I just spent 10 days in Fiji and didn’t go snorkeling once. It was, as vacations go, I bit of a disappointment—it rained, hard, almost the entire time. The trip was saved by the good humor and camaraderie of my traveling companions and by glimpses into Fijian life and culture. I, of course, saw them through the eyes of one with a long interest in Hawaiian culture. There were many similarities and also some telling contrasts.
It was my first trip to a Third World country. As our group grappled with issues ranging from the lack of washcloths and reading lights to mildewed bed sheets and brown tap water, we kept reminding ourselves that these were “first-world problems,” “small lumps in the oatmeal” compared to what Fijians deal with every day.
We stayed in three different resorts. As we drove between them, or between the cities of Suva and Nadi, we saw how most Fijians live, and in our hotels we learned more from friendly staff. For example, a cleaner in our hotel on Tavenui, Fiji’s “Garden Island,” is the mother of eight, the youngest only six months old. Her home blew away in Severe Tropical Cyclone Winston in February (44 casualties, $1 billion USD in damage). Her family (fortunately elsewhere during the storm) is living at her sister’s house. This woman mops and makes beds all day, is the resort’s massage therapist, and then walks several miles home each afternoon—all in rubber slippers.
Most of the houses we saw in the countryside would not qualify for that name in the U.S. In our world, they might make a good garden shed, small boxes of wood, or often, corrugated iron for siding and roof. These, my Fiji-born sister-in-law said, had in her lifetime replaced the traditional high-roofed thatched bures. Perhaps the boxes stand up better to hurricanes.
When we visited one of the larger village houses (home of the village chief) for a cultural experience offered by the hotel, we were greeted by a lively young woman named Josie. She’s the youngest of seven children, who gathered along with other family members to show us their still-sharp ancestral skills. They whipped up a palm-frond basket (strong enough to hold Josie with two brothers lifting her off the ground) and showed us how to prepare pandanus (hala) leaves to weave mats (like the ones we see here in Hawai`i). They beat mulberry bark to make tapa, gave us kava from a bowl that looked nearly as ancient as the kava ceremony, performed a traditional dance and then got us on our feet to dance with them. Throughout, a baby climbed from lap to lap, loved and cuddled by all, absorbing her traditional culture as her elders must have done. One of the brothers kept a cell phone next to him; it’s the 21st century, even in a traditional Fijian village.
As I learned Fijian words, I found many related to Hawaiian. Kava is awa in Hawaiian. Wai (water) is wai in both languages; niu (coconut) is niu; mele (song) is meke in Fijian; kalo (taro) is dalo and i`a (fish) is ika, the “K” having become an `okina over many centuries and miles of Polynesian voyaging.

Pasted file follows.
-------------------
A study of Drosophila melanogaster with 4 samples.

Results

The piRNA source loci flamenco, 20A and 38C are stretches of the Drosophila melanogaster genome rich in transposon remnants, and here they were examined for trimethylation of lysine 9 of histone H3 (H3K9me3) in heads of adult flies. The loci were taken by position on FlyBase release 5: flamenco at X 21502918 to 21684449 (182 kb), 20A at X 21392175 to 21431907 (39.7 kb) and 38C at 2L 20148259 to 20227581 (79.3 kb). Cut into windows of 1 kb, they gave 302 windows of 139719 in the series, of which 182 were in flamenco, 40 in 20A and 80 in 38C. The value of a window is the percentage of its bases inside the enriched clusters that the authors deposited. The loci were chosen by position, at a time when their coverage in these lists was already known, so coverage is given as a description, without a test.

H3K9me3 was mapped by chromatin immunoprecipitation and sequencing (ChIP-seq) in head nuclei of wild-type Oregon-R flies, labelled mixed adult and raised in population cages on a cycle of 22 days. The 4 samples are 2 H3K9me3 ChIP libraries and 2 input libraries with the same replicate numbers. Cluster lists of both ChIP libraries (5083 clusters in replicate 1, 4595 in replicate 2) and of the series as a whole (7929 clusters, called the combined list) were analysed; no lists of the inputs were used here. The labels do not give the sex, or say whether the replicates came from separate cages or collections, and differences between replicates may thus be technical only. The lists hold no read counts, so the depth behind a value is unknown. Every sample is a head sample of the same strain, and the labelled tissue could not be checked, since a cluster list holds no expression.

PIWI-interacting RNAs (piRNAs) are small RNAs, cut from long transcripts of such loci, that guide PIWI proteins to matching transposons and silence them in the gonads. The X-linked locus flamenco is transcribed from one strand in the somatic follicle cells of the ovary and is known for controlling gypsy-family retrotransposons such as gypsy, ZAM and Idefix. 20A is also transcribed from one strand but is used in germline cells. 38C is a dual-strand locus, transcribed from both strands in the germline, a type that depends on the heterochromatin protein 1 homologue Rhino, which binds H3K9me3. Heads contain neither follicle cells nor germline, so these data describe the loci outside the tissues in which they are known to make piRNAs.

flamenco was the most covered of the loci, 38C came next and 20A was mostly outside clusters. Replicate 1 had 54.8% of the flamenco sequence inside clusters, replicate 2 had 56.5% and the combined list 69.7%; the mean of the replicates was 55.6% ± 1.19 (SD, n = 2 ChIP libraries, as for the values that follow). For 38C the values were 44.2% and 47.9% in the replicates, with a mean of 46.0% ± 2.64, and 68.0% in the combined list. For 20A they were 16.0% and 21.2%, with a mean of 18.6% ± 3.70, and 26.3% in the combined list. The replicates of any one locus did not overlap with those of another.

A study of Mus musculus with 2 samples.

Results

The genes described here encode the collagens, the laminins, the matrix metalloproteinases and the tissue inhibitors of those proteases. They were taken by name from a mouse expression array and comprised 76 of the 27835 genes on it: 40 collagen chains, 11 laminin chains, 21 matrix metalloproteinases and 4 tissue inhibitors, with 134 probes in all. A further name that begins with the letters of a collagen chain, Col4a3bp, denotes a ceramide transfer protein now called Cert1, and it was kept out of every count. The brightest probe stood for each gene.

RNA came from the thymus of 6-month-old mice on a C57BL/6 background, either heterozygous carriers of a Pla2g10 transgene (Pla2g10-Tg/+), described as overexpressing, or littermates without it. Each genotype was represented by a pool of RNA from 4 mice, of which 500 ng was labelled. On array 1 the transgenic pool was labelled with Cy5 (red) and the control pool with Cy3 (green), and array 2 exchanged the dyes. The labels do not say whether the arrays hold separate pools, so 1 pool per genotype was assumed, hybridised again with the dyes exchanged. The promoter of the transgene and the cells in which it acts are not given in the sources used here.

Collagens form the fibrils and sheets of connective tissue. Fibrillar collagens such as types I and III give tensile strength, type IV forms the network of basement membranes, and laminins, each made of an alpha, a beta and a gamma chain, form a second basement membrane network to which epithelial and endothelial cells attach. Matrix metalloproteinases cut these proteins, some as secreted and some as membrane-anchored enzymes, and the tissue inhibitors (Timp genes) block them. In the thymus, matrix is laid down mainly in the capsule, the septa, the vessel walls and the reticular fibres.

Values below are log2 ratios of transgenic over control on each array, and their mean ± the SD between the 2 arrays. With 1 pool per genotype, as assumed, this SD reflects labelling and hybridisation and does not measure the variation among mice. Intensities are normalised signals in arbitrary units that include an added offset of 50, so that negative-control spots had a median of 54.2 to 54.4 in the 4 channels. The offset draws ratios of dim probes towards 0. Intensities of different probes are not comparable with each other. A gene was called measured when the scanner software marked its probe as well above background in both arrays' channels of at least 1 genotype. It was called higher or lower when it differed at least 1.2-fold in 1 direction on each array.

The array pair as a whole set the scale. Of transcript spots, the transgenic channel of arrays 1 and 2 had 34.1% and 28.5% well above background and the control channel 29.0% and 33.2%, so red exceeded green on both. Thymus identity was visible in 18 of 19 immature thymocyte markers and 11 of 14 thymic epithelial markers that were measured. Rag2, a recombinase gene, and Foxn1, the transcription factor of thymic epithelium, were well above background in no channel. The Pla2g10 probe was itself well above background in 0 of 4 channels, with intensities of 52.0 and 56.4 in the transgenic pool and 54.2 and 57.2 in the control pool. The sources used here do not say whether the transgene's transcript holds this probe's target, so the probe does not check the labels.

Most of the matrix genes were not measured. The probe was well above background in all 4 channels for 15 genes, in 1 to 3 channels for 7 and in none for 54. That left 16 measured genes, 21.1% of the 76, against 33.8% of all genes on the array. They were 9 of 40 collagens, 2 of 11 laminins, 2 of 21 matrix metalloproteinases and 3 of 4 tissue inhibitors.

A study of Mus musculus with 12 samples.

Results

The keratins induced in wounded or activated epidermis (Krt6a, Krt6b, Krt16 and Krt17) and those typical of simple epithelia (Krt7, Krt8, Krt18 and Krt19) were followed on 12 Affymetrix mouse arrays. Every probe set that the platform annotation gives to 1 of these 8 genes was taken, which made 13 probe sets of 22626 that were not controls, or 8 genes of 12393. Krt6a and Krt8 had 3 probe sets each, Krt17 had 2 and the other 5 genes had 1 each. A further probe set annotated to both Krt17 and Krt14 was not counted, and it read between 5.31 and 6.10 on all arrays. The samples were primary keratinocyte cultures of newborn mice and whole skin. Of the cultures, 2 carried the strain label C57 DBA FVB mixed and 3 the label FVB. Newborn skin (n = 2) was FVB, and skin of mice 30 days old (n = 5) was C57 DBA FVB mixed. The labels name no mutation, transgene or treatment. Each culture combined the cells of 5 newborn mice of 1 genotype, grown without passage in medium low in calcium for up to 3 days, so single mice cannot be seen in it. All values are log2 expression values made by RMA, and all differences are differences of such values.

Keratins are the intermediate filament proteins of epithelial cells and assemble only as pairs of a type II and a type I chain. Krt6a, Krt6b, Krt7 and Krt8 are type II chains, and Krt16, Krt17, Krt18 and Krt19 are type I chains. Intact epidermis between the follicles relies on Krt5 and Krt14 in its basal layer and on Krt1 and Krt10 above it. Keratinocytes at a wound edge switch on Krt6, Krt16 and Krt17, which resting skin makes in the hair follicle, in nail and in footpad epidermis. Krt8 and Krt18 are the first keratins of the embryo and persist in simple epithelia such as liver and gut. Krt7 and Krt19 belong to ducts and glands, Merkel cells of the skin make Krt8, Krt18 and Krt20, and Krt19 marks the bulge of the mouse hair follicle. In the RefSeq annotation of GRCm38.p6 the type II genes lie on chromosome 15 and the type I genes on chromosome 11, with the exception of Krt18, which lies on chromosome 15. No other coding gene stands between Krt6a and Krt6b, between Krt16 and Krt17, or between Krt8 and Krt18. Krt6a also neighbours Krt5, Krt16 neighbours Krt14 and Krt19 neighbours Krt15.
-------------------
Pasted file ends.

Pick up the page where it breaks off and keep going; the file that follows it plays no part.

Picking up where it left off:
Perhaps the most striking difference was the Fijian relationship to the land. They still live on it, growing much of their own food, under a system in which most of the land is “Native Land,” belonging to village groups. Fijians’ little houses are scattered all over the mountain sides, as well as stretching along the main roads, each with its surrounding gardens of dalo and cassava, an assortment of vegetables and kava grown as a cash crop.
And the water flows free. Rather more of it than anyone wanted during the days we were there, actually. Streams rushed everywhere, puddles gathered on the roads where culverts were not yet clear after the cyclone. There was plenty of mud. The areas we stayed were on the windward side, with landscaping and vegetation very much like that between Ha`iku and Kipahulu, lush with plants I recognized, including lots of coconut trees, the source of many of the resources the Fijians use in their traditional lifestyle. Here and there, a coco palm had fallen alongside the corpses of forest giants upended by the storm, but there was plenty of jungle left, nourished by all that water .
If East Maui’s water had not been captured and channeled for sugar, would it flow like that? Fiji has actual rivers, plus many streams of all sizes, and perhaps has more of a water supply to begin with. As the streams are freed along the Hana Highway, it will be interesting to see how the land changes to accommodate their flow.
The sun appeared on our final day, too late to venture off to the Bali Hai–like islands on the horizon with their white sand beaches and fabulous reefs. We flew over sun-struck clouds, over tiny islands with a few structures and a pier and big islands with mountains and valleys covered as if by green velvet and fleece. Approaching the Nadi airport, from which we would depart, I recognized sugarcane, the crop that brought my sister-in-law’s ancestors here generations ago. With so much rain, I wondered, did this cane ever need to be irrigated? I saw no signs of an irrigation system, at least nothing like that on East Maui. The people of Fiji might be poor in Western material wealth, but in addition to their physical beauty, warm personalities, large families, cultural continuity and connection to the land, they have what Hawaiians call “waiwai“—double water—true wealth.